NEW YORK (AP) -- It was a sight Knicks fans probably never
imagined: Reggie Miller crossing the court after a poor shooting
night to embrace die-hard New York fan Spike Lee.
But, beneath all the feel-good sentiment, was a very familiar
result for the Knicks -- a loss to Miller's Pacers.
Stephen Jackson celebrated his birthday by scoring 33 points and
Indiana beat New York 97-79 Tuesday night despite a poor shooting
night from Miller in his final appearance at Madison Square Garden.
Miller went just 3-for-15 from the floor and finished with 13
points. Still, the presence of one of the Knicks' great foes drew
chants of "Reg-gie, Reg-gie" from the crowd as the game drew to a
close. Before the game, some fans held up signs reading: "Reggie
Thanks for the Memories," "Reggie Please Don't Retire" and "We
"It's always been a love-hate relationship" Miller said. "I
didn't know what kind of reception I was going to get here tonight.
I appreciate all the kind words and all the signs. It means a
Miller, who plans to retire after this season, has long
tormented the Knicks and their fans -- most notably film director
Lee -- with his clutch play in crucial games at the Garden.
"Ask any ballplayer, this is the one place where you want to
succeed," Miller said.
As the clock wound down in the final two minutes, fans began to
chant for Miller. When the game ended, Miller raised his hand to
acknowledge the crowd, walked across the court and embraced Lee,
who had watched the game from his usual courtside seat.
"A lot of things have been said between Spike and myself but
out of anyone in this building that I have so much respect for it's
Spike," Miller said. "I've always said there needs to be more
Spike Lees in every building."
Said Indiana coach Rick Carlisle: "Spike drove Reggie to real
heights of greatness. It was cool to get those guys together."
Stephon Marbury had 19 points to lead the Knicks, who have lost
seven in a row and saw their slim playoff hopes get even more
Tim Thomas had 13 for New York, while Kurt Thomas had 12 points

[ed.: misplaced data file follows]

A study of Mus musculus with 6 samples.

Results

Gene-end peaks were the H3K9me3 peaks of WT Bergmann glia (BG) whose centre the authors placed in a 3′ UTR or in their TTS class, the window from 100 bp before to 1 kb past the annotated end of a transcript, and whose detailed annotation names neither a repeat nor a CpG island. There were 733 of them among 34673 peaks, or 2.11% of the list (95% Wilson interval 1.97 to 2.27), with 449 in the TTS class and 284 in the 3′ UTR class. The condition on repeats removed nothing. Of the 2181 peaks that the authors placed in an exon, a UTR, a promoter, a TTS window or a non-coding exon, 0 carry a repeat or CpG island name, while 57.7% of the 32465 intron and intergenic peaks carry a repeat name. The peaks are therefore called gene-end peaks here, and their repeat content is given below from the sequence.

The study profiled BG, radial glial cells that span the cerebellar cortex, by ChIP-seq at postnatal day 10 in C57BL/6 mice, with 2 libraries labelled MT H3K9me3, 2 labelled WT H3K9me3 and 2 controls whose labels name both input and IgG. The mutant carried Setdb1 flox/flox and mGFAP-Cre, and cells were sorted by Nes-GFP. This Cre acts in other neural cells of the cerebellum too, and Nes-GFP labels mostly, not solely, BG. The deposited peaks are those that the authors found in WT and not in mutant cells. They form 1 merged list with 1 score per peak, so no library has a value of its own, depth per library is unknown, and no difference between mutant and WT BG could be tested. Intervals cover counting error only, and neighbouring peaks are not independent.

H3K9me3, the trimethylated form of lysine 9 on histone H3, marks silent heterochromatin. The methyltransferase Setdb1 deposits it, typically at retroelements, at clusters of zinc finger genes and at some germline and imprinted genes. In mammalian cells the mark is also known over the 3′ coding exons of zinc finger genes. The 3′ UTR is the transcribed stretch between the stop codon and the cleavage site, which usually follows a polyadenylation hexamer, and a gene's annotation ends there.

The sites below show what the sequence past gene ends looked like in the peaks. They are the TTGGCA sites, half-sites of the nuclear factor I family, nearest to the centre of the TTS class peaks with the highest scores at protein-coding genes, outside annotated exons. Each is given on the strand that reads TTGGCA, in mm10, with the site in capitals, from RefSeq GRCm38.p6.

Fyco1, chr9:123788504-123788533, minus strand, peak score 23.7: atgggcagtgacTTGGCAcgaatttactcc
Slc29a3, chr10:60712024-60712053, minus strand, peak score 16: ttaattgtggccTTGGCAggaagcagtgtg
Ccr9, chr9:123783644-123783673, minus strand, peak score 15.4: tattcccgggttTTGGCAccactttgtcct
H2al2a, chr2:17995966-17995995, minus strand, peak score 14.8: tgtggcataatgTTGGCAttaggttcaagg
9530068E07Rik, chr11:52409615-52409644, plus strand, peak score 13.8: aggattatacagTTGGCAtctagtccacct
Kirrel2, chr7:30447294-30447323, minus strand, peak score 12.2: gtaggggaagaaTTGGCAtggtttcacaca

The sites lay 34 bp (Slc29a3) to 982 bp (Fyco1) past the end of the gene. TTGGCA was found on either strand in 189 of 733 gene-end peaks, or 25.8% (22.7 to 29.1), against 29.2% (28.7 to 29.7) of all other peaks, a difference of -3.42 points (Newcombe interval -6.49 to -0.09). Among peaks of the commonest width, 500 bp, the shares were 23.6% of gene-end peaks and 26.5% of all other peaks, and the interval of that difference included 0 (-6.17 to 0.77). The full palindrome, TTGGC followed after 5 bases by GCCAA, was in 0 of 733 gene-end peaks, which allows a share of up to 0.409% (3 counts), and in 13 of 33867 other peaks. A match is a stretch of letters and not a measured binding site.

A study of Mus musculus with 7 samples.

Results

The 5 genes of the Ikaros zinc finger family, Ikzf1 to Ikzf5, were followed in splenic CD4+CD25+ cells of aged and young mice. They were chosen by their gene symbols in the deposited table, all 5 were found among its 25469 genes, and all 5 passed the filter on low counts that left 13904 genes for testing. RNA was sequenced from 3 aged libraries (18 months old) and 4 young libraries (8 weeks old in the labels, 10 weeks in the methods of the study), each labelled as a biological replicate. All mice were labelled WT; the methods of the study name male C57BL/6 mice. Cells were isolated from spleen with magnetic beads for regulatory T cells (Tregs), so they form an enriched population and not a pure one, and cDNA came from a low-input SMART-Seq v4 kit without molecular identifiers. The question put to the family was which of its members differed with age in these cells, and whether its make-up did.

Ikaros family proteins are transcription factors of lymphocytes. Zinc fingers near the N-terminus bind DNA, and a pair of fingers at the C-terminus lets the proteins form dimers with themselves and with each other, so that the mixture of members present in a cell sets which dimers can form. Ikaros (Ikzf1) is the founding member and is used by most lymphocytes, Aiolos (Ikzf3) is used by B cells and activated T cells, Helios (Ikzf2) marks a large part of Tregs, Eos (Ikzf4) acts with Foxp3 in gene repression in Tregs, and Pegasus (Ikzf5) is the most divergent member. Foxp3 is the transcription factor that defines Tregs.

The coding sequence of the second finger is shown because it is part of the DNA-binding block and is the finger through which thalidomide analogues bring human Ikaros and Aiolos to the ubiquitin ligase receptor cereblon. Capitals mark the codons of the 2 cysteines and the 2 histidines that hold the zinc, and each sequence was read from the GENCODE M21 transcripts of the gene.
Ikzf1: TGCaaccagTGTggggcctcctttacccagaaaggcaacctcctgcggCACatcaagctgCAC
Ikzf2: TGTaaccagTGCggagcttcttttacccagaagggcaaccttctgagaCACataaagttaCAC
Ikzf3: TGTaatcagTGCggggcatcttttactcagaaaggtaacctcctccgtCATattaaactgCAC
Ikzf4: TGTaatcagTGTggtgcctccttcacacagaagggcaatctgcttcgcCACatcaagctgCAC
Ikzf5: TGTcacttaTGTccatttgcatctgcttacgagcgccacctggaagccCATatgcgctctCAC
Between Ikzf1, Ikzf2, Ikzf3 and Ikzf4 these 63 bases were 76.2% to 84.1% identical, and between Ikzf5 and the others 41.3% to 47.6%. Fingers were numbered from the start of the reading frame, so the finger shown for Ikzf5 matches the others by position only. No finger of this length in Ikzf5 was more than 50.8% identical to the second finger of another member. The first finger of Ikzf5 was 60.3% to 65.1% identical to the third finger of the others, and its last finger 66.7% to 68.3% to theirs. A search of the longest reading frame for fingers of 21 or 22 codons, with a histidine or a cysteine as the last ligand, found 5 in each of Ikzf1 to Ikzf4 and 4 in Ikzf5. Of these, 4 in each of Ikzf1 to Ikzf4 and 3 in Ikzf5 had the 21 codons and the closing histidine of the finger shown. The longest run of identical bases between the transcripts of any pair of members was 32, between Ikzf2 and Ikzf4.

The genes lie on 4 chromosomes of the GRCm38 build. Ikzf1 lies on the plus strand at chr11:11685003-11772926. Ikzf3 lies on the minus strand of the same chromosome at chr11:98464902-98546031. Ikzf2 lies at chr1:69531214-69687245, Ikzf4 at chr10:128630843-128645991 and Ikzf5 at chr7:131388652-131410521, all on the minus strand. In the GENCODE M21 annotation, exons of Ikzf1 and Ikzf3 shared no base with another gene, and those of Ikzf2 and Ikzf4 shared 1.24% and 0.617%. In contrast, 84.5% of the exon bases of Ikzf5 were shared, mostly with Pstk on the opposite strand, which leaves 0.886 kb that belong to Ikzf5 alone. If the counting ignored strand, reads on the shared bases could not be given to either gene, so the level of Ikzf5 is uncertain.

and 12 rebounds. Crawford added 10 points.
Miller was the first Pacer announced in the pregame introduction
and was greeted with a loud mixture of boos and cheers.
After coming out for good earlier in the fourth quarter, several
fans yelled "thank you" to Miller during a timeout with 2:33
left. He nodded his head and raised his hand in acknowledgment.
After the game, he said he thought it was the last time he would be
inside the Garden for any reason.
"He's been an evil enemy," Tim Thomas said. "But at the same
time, you've got to love him. He just comes in and does his job.
I'm pretty sure if he played here, the fans would love him."
New York fans are all too familiar with Miller's heroics for the
Pacers. In the Eastern Conference finals in 1994, he scored 25 of
his 39 points in the fourth quarter -- trading verbal barbs with Lee
along the way -- to lead the Pacers to a 93-86 win and force a
seventh game, which the Knicks won.
The following year, Miller scored eight points in 8.9 seconds in
the final moments of a 107-105 win in Game 1 of the Eastern
Conference semifinals at the Garden. Miller's outburst included two
3-pointers, a steal, a rebound and two free throws.
And it's why Miller knows not everyone in the Garden was rooting
for him, even when the fans were chanting his name.
"There were a few (stinks) in there, too," he said.
Indiana guards Fred Jones (lower back spasms) and Jamaal
Tinsley (bruised left foot) did not dress. ... Knicks coach Herb
Williams, a longtime player for New York, was asked before the game
what remembrances he had of Miller's play against the Knicks. "No
memories," he said with a smile. "I'm blank."